The online magazine
dedicated to the
discussion & revival
of British foodways.

NO.51
WINTER2016

Devilled pork chops from Victor Gordon’s English Cookbook.

Gordon took as his brief the creation of a new English cuisine lighter and fresher than traditional preparations while also remaining true to the character of what he liked to call insular cooking. This recipe, however, might have emerged from and eighteenth century clubland kitchen or gentry estate. It is none the worse for that. Four pleasantly spiced chops.


  • Pig-from-Food-in-England.png4 pork chops
  • about 10 oz medium dry Sherry, like Amontillado
  • 2 smashed garlic cloves
  • cayenne
  • 4 or so minced fresh hot chilies
  • about 2 Tablespoons lard (preferred), bacon fat or neutral oil
  • 4 peeled and chopped shallots
  • about a cup of heavy cream
  • salt

  1. Marinate the chops in the Sherry, chilies and garlic in the refrigerator overnight.
  2. Dry the chops and dust them with cayenne.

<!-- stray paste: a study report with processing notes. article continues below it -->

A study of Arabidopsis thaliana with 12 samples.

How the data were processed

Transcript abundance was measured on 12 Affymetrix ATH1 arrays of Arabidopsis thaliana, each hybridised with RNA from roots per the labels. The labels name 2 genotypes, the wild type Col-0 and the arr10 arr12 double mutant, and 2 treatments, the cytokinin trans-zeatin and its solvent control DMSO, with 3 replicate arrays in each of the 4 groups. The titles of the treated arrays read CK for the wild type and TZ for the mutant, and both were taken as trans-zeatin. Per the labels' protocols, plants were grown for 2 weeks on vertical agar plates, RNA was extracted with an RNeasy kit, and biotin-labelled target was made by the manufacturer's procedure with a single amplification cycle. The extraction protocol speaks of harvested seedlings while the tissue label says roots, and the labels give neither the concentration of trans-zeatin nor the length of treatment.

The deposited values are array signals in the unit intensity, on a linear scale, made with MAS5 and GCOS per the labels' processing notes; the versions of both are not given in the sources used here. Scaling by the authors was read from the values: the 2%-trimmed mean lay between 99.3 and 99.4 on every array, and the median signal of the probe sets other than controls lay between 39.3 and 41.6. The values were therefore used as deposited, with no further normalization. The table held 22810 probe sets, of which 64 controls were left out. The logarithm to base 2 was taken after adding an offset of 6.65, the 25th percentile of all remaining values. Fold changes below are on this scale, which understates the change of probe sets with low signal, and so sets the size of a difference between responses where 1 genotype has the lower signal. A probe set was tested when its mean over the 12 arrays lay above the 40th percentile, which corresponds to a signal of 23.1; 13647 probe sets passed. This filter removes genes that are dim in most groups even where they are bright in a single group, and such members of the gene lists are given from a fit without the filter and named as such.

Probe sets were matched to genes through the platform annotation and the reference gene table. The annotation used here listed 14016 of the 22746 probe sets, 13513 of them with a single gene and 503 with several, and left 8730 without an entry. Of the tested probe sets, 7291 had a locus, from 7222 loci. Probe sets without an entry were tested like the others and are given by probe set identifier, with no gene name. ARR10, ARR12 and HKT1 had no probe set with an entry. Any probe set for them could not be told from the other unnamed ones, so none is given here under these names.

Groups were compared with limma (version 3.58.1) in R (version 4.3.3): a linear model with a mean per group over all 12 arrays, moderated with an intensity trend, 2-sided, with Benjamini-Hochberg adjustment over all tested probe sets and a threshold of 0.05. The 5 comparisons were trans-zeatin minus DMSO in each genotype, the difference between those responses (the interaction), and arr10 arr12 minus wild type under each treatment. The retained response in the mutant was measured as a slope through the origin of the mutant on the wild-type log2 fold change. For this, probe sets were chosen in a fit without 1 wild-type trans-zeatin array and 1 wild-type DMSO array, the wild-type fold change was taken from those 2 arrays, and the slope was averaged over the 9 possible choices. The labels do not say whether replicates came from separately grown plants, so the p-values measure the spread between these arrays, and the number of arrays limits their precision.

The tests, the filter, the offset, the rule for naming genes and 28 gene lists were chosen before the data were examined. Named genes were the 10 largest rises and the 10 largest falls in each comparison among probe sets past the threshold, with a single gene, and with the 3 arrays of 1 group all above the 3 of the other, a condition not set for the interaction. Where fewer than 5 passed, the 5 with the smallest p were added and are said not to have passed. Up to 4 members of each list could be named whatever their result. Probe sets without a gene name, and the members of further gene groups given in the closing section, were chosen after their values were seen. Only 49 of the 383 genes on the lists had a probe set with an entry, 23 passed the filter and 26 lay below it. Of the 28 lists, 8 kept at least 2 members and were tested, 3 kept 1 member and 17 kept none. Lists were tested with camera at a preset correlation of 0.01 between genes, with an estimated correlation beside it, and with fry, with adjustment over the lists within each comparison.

3. Throw out the garlic, reduce the marinade with the chilies, and keep it warm.
  4. Fry the chops over medium low heat in the lard or other fat; they should be cooked in less than 10 minutes. Keep them warm.
  5. Fry the shallots in the fat left from the chops until soft. Strain the Sherry reduction into the pan and reduce it to a glaze. Add the cream, bring the sauce to a boil and turn off the heat. Season the chops and serve them.

 

Notes:

-Gordon always sprinkled his devilled chops with chopped watercress or parsley. The bright watercress is a particularly good foil for the devil.

-Gordon used dried rather than fresh chilies because they were easier to obtain when the recipe appeared in1985.

-He marinates the chops with a single halved garlic clove.